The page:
Top 10 Pre-Reading
Today's Snack: Alpha-Bits are fun to eat and good for you,
and if your child is old enough, it's fun to form words with the letters . . .
then eat your words!
Here are 10 excellent suggestions
for ways that parents and caregivers can prepare young children for the most
important task of childhood - learning to read. These are from rthe Learning
First Alliance, www.learningfirst.org:
at the beginning. Setting the foundation for reading success is necessary before your
child begins first grade, and will be crucial to academic achievement in a
variety of subjects. Research shows that reading to children as early as
infancy can give them a strong base for language concepts and cognitive skills
related to print. Introduce your children to colorful story and picture books
to foster a love of reading. Establish a routine; reading stories at bedtime is
a cozy way to promote literacy. Make it interactive. Have children help turn
pages and encourage them to discuss the story's plot and characters.
your neighborhood library together. Take your children to the local library and introduce them
to the wide selection of books, newspapers, magazines, and story telling
programs that they have to offer. Also, don't forget that your library's
computer provides the perfect opportunity to introduce your children to the
Internet. Go online with them and show them how to do research for school
projects and papers.
at your child's school. Studies show that parent involvement is correlated with
reading achievement. Given adequate training, parents can help in the classroom
by volunteering to serve as tutors in the school. Support the school's literacy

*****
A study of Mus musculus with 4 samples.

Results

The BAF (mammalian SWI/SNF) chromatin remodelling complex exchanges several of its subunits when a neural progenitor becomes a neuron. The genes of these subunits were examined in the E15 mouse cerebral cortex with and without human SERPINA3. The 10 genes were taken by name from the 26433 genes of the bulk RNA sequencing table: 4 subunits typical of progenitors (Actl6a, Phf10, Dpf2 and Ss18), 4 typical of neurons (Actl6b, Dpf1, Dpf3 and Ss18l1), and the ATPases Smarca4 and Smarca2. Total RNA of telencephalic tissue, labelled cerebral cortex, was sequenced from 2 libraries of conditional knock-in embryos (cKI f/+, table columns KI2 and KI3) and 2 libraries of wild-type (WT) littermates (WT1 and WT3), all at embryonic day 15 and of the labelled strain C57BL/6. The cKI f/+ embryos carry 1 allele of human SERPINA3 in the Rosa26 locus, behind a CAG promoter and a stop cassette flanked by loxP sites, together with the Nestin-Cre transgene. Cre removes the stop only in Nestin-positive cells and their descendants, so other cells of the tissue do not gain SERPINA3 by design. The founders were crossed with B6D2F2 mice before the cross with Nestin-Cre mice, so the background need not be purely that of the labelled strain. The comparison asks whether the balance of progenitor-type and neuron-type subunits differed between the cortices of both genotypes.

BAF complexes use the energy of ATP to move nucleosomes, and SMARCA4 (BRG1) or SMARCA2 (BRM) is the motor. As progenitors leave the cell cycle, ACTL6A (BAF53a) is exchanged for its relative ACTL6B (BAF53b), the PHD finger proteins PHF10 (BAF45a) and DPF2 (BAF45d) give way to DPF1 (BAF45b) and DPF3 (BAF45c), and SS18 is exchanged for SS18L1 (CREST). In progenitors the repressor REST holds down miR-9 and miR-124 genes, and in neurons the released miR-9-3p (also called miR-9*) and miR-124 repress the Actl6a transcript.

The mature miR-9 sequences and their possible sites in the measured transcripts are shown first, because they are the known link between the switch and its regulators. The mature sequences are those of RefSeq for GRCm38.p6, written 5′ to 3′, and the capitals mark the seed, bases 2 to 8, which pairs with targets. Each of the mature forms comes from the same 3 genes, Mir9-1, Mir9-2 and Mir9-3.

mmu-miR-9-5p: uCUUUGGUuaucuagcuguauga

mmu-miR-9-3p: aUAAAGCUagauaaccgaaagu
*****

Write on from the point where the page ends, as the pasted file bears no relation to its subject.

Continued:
efforts and advocate for effective instructional materials and modern
technology, including computers and access to the Internet, so that all
children have excellent learning opportunities. Work through a parent
organization, like the PTA, to develop and build strong relationships between
parents and educators. Discuss ways that reading performance can be reinforced
in the home.
Writing gives children opportunities to use their reading competence. Support
your children's creative and expository writing efforts and encourage them to
keep a journal or diary so they can practice at home.
your children in after-school, child care, or summer programs that cultivate
and reinforce reading skills. If your school doesn't offer these types of programs, urge
the school's administrators and the school board to provide them.
a "study buddy." You can help your child organize information, look for key
ideas in books, and practice reading out loud. Point out everyday tasks like
interpreting instructions, recipes, and road signs, that require solid reading
skills. Be sure to have plenty of interesting reading materials at home such as
books, magazines, and newspapers to encourage your child to read more
frequently. Practice makes perfect.
for help. If
your child is having difficulty with reading, speak with your child's educator
about having the problem addressed.
Advocate at the local, state, and national levels for school reform efforts,
like class size, teacher training, and parent involvement, which are proven to
make a difference in early reading performance and other subjects.
the day off right. Make sure your kids are well rested, organized, and have a nutritious
breakfast every day so that they arrive at school ready to learn.
Giving children experience with rhyming is an effective way to build phonemic
awareness and requires children to focus on the sounds inside words.